HC Deb 08 April 1982 vol 21 cc1071-2
1. Mr. Dubs

asked the Chancellor of the Exchequer why he has no target level for the exchange rate.

The Chancellor of the Exchequer (Sir Geoffrey Howe)

I do not believe that the conditions exist in which a target level for sterling against one or more foreign currencies would be either practicable or helpful for policy. Account is taken of the exchange rate in interpreting monetary conditions.

Mr. Dubs

Does the Chancellor agree that the effect of the Government's policies is to keep the exchange rate higher than it would normally be, thus damaging employment and exports?

Sir Geoffrey Howe

The exchange rate is determined by the market and stands at about the same level as when the Government came to office. Improvement of the prospects for exports depends upon the improvement of British industry's competitiveness. I am glad that that is being achieved.

Mr. Archie Hamilton

Is my right hon. and learned Friend aware how welcome is his reply, since the pound has been slipping on the foreign exchanges? Does he agree that it is much better to allow that process to continue than to have far too high interest rates, which raise the costs to industry?

Sir Geoffrey Howe

I am grateful to my hon. Friend for his comment. It cannot be said too often that effective competitiveness is achieved not by devaluation, but by improvement in performance.

Dr. Bray

Did the Chancellor include an announcement of the effects on the exchange rate in the simulations that he gave to NEDC yesterday? Will he deposit the full print-out of those runs in the Library so that we may see all the fixes that he made? Will he ensure that an up-to-date version of the Treasury model is available for immediate public use so that we may see what he is up to?

Sir Geoffrey Howe

The hon. Gentleman, with his passionate interest in these matters, need have no fear that anything remarkable is taking place. He knows that the Treasury model is updated from time to time, and arrangements are made regularly for those outsiders who know the structure of the model to be informed of such changes. I shall certainly consider his request to place in the Library the paper that was put before NEDC, but I cannot give any undertaking to go beyond that.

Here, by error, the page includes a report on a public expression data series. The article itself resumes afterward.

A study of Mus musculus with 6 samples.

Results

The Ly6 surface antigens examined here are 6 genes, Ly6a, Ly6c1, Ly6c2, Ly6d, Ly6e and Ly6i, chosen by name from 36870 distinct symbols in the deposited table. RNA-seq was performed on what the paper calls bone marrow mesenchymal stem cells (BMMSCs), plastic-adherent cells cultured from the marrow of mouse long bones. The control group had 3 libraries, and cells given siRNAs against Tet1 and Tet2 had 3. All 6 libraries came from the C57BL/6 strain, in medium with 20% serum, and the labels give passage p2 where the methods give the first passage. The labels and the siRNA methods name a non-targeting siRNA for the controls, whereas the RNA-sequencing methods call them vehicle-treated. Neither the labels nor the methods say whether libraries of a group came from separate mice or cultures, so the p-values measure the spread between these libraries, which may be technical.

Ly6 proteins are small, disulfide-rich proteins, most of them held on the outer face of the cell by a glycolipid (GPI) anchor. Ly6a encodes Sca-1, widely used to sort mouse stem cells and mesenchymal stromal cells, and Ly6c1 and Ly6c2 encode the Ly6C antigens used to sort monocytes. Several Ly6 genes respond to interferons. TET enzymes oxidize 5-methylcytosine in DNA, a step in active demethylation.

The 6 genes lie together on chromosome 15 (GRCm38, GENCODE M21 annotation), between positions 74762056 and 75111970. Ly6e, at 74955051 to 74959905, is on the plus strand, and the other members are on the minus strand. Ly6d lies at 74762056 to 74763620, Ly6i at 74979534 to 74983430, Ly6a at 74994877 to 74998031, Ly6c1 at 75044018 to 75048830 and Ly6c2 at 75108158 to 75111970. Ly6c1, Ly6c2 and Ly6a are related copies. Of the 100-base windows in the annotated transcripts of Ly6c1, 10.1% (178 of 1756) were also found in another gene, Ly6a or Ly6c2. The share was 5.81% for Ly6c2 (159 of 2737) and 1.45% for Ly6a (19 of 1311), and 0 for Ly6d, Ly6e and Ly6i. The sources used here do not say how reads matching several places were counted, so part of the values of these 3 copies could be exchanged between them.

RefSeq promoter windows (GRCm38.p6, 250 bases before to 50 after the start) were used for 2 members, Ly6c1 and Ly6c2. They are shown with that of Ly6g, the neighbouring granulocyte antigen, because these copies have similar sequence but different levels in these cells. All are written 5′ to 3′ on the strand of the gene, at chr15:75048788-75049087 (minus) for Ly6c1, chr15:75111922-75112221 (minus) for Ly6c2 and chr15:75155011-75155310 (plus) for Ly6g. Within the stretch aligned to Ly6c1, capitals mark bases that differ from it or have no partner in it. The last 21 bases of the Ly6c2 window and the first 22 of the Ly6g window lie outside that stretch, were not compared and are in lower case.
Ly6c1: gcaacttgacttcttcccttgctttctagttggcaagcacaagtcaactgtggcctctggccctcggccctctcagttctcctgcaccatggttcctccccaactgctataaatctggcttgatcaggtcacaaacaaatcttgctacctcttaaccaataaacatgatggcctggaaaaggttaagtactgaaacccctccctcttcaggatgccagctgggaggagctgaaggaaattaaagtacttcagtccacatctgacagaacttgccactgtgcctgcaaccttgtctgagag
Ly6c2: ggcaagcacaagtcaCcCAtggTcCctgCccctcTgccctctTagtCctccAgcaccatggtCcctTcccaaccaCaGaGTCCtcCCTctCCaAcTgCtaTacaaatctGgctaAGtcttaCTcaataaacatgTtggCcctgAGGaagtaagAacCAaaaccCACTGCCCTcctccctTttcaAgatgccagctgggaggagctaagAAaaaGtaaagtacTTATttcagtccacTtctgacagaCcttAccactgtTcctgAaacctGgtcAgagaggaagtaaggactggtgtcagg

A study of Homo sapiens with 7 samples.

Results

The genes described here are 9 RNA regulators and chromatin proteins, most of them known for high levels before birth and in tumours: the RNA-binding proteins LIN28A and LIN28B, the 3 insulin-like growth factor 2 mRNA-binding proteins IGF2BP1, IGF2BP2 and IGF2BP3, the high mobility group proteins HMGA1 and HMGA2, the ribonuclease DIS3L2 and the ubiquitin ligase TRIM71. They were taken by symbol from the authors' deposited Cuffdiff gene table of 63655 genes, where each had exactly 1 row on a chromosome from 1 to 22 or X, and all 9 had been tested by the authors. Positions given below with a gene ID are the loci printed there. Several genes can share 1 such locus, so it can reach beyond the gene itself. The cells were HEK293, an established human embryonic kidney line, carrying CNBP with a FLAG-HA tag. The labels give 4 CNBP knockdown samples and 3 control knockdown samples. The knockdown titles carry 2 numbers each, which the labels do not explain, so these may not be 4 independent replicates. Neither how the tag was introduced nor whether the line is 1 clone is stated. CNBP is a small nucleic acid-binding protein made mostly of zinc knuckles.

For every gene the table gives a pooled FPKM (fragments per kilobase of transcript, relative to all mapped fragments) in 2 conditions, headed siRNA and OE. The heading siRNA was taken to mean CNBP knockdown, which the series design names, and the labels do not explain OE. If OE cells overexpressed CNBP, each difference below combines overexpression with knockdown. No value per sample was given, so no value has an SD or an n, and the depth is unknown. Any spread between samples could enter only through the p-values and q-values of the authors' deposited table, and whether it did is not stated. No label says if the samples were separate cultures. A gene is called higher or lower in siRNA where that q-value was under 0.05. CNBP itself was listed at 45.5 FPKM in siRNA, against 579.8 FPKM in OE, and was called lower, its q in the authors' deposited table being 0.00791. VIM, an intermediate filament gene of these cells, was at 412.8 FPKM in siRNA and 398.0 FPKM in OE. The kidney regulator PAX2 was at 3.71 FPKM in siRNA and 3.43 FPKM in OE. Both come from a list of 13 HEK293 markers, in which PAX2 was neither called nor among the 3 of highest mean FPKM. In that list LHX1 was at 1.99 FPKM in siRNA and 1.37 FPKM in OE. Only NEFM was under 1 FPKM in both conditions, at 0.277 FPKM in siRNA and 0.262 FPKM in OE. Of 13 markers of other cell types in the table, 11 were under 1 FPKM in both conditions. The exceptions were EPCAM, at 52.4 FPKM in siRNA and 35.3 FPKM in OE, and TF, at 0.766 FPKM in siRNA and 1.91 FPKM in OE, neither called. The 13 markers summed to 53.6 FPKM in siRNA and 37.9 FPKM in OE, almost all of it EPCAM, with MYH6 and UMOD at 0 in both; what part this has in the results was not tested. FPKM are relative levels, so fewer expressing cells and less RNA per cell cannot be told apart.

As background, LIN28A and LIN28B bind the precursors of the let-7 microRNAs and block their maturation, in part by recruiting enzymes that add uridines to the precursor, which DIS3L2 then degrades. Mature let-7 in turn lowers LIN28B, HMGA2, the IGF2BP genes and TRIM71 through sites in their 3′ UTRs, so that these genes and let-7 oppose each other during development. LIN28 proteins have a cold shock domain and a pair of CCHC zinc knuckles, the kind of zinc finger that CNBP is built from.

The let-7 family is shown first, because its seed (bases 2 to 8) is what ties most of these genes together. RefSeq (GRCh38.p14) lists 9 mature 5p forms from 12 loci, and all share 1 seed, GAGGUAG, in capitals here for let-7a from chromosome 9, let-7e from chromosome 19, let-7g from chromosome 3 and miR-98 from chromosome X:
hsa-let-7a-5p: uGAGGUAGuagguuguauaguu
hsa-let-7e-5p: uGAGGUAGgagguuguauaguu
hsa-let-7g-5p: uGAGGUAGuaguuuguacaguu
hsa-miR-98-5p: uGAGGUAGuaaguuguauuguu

Mr. Shore

I am sure that the House will be glad that the Chancellor said that it would be unwise to have a target rate for sterling. Does the right hon. and learned Gentleman agree that the Government have what one might call an unannounced target rate or range? Is it not also the case that the rate at which sterling is being maintained against principal competitors is still far too high? Will the Chancellor seriously consider the wisdom of boosting British exports and reducing foreign imports by achieving a far more realistic level of sterling than has hitherto prevailed?

Sir Geoffrey Howe

I have made it clear to the House on many occasions, most recently in my Budget Statement, that the Government have no target, undisclosed, secret or otherwise, for the exchange rate. Official intervention in foreign exchange markets is limited to smoothing and moderating excessive fluctuations to preserve an orderly market. I must repeat that it is not sensible to believe that export or import prospects for British traders can effectively be improved by devaluation. That is what experience tells us, and it was the experience of the Government of which the right hon. Member for Stepney and Poplar (Mr. Shore) was a member.

Mr. Shore

Will the Chancellor go a step further on this? It is a little difficult, and nomenclature may be confusing us all. The use of the word "target" implies something rigid. Does the Chancellor agree that in this year's Red Book the exchange rate is one of the three or four principal indicators that guide Government policy? That being so, does he agree that if it is maintained at a given rate it is at least a quasi-target, despite what he has said?

Sir Geoffrey Howe

The right hon. Gentleman does not correctly understand the position. As I said in my original answer, account is taken of the exchange rate when interpreting monetary conditions, but it does not, in that or any other sense, constitute a target or a quasi-target.